Chinese industry on show

Almost a quarter of a million visitors flocked to Asia’s biggest music show, Music China, held in October in Shanghai.

According to organisers, the show drew 122,000 visitors, equalling its all-time visitor record reached in 2019.

The event attracted more than 1,800 exhibitors, including some of Asia’s biggest percussion brands.

Medeli gave its first public demonstration of the new MZ928 drum kit, its first full-sized kit released under its own branding.

HXW Technology Co had a range of e-drum products on show including the flagship acoustic-style Avatar A81. Spokesperson Lucy She says the professional e-drum A21 and A31, the high-speed e-drum A51 and SD201-3SH, and the popular SD61-6, SD61-5 and SD51-2 lines were also on show.

“We also took the MIDI pad EMP16, the sampler pad PD705, the percussion pad PD405 and the DM50 and DM30 drum amplifiers,” she adds.

HXW attracted many visitors from different countries who showed strong interest in the company’s drums and pads, especially the new multi-pad expected to debut later this year.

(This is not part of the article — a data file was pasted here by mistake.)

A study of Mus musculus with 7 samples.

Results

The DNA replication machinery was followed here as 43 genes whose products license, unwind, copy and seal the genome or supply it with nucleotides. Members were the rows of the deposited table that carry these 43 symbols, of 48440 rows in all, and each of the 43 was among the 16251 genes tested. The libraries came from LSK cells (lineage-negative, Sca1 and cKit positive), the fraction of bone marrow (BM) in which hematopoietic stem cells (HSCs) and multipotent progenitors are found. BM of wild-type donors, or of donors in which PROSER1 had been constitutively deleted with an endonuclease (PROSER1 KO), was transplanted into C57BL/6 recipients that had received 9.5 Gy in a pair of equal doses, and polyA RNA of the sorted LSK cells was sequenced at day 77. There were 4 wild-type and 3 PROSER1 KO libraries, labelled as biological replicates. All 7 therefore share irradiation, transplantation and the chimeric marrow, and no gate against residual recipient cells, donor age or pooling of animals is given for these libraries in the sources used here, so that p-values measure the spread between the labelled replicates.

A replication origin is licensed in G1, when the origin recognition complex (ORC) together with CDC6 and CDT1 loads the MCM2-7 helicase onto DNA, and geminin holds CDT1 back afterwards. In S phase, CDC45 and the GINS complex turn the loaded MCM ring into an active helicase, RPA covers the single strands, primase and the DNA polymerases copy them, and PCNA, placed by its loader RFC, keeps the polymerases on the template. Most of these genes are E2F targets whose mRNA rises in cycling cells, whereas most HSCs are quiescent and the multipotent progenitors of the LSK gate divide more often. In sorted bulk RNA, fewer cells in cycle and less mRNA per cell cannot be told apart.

Donner gave buyers a sneak peek at a prototype of its latest invention, the Backbeat, featuring LED-illuminated drum pads, internal rack wiring, a module with a 7” touch screen and full mixing tool.

The Chinese manufacturer also showcased its DED-200 Max, DED-80P, and DED-200X kits, the Max boasting larger drum pads and an upgraded finish.

Donner spokesman Jake Wu tells digitalDrummer that this year’s event was Donner’s first big show domestically after a decade’s overseas expansion. “The Chinese market is a different world and we are thrilled that we bringing something different to the music industry,” he says.

Germany’s GEWA was represented by its Chinese sales subsidiary, which focused on acoustic instruments rather than the electronic drum line.

One of the key topics for electronic music professionals was the transition from MIDI 1 to MIDI 2.0, a significant leap in music technology.

“MIDI 1 was a monologue, MIDI 2.0 is a dialogue,” says Athan Billias, who presented a session on the technology. Highlighting the pivotal role of Chinese technology companies in this shift, he says: “Domestic companies shouldn’t just follow, they should be leading the rollout of MIDI 2.0. I lived in Japan from 1986–1994, when Japanese companies like Roland and Yamaha were getting very big in the world of synthesizers . I feel that same energy here in Shanghai today. Obviously, China has been great in a lot of OEM work, but many companies are now starting to become technology leaders as they establish their own brands – both domestically and overseas.”

Music China is organised by Messe Frankfurt, the China Musical Instrument Association and Shanghai Intex Exhibition Co Ltd. The next edition will take place from 10 – 13 October 2024.